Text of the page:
Now that Peter Guber has joined the NBA, finalizing his purchase of the Golden State Warriors along with Joe Lacob, there’s no owner I’m more interested in hearing address the underlying racial aspect of the NBA, a league of predominantly white ownership that consists of majority African American players watched by largely white crowds.
As a movie and music producer Guber is familiar with this dynamic in Hollywood, most notably when he and executive producer Quincy Jones put together the cinematic version of Alice Walker’s book “The Color Purple.” He spoke eloquently on the topic of race in the entertainment business in Charles Barkley’s book “Who’s Afraid of a Large Black Man” and Guber’s notion of tribalism accounted for a Thanksgiving-plate portion of my column on LeBron, race and the NBA. We talked on the phone Monday shortly after he and Lacob had their introductory news conference for the Bay Area media.
First I wanted to know how he defined tribalism.
“The idea is, we’re still a society where we recognize and see and even sometimes seek members of our own tribe, whatever that tribe is,” Guber said. “It could be ethnic, religious, geographic, political.
“We tend to become social core groups, whatever our similar interest and background where we came through. It tends to be a filter through which people see themselves. It can be all different ethnicities. They can see themselves as San Franciscans, or Warriors fans. You want to build a tribe of viral advocates for that team.”
(Note the San Francisco reference? Starting with the location of the news conference – in San Francisco – the new ownership group seemed to emphasize that side of the Bay Bridge, something that was definitely noticed by the local media. There are not plans for San Francisco arena now, but it hasn’t been ruled out in the future.)
Back to Guber’s definition: “Tribalism isn’t a bad thing. If you’re a Facebook user, or Twitter user or Foursquare user or LinkedIn user, those are all tribes…and they may even have sub-tribes. It’s not pejorative, it’s declarative.”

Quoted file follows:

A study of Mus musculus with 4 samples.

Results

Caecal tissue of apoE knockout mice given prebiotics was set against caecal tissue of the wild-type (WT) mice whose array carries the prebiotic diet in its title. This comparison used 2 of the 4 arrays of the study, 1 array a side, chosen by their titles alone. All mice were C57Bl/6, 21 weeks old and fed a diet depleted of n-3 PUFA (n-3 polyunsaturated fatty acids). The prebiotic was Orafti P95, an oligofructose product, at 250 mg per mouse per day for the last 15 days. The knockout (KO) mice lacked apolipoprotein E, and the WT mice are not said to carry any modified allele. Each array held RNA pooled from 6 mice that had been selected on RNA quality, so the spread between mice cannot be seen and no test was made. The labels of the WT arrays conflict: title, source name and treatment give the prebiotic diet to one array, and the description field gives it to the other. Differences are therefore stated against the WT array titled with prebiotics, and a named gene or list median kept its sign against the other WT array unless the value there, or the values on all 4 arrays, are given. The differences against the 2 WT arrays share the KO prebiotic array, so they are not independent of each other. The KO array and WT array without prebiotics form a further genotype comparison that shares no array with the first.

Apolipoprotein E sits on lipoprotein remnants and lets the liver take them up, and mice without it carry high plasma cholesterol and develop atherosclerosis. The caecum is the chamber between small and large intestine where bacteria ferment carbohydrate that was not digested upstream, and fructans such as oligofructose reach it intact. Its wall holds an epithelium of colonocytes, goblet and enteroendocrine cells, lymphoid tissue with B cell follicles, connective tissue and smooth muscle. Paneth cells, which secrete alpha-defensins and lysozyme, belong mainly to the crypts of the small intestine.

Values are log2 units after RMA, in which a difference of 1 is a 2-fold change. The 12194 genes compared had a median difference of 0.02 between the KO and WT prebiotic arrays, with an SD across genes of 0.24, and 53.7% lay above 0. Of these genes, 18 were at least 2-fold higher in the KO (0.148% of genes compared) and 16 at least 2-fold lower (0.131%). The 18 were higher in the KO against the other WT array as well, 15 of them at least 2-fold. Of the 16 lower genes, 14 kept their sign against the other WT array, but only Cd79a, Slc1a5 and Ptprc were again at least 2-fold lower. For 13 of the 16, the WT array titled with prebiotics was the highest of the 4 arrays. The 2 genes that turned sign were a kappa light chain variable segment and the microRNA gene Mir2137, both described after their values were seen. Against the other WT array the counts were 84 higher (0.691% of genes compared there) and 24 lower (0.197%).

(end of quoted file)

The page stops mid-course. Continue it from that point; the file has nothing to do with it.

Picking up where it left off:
In sports all of those various groups can join together to form an even larger tribe.
“It’s really clear that society and the country has moved to an embracing nature that goes to talent and performance,” Guber said. “Whether it’s football or baseball or hockey, whatever it is, the thing that defines it is, ‘You’re a member of our team, and I’m your fan.’
“It’s colorless. It’s about that community. How do we all win? It embraces that. The idea is that the audience may become one ethnicity. They’re bonded together by the commonality of wanting to win. It’s turning the idea of separation on its head.
“What’s now happening, it happens by the nature of our commonality in our society. Audiences who watch sports -- in our case basketball -- in baseball as well as in football, when I say they’re ethnicity-blind or they’re color-blind, they’re not winning-blind. They want to win. That has a very positive effect on our society.”
Guber is very candid about the benefits of inclusiveness, which go beyond trying to unify various tribes in a theater or sports arena for the sake of harmony. In short, what owner wouldn't want his product to appeal to the broadest variety of customers?
“It’s good business,” Guber said. “When things are good business, it changes everything.
“You can’t will a society to change. You can make it in their interest, you can make it in their economic interest. That’s the way you do it. It does it at its root core level. It does it at its basic emotional way.
“Telling a story, you emotionally transport people. You’re going to transport them into seeing the world differently. When somebody’s feet and wallet and tongue go the same direction, it changes the mindset of the young people looking at it.”
That's the impact of sports, changing perceptions one ticket at a time.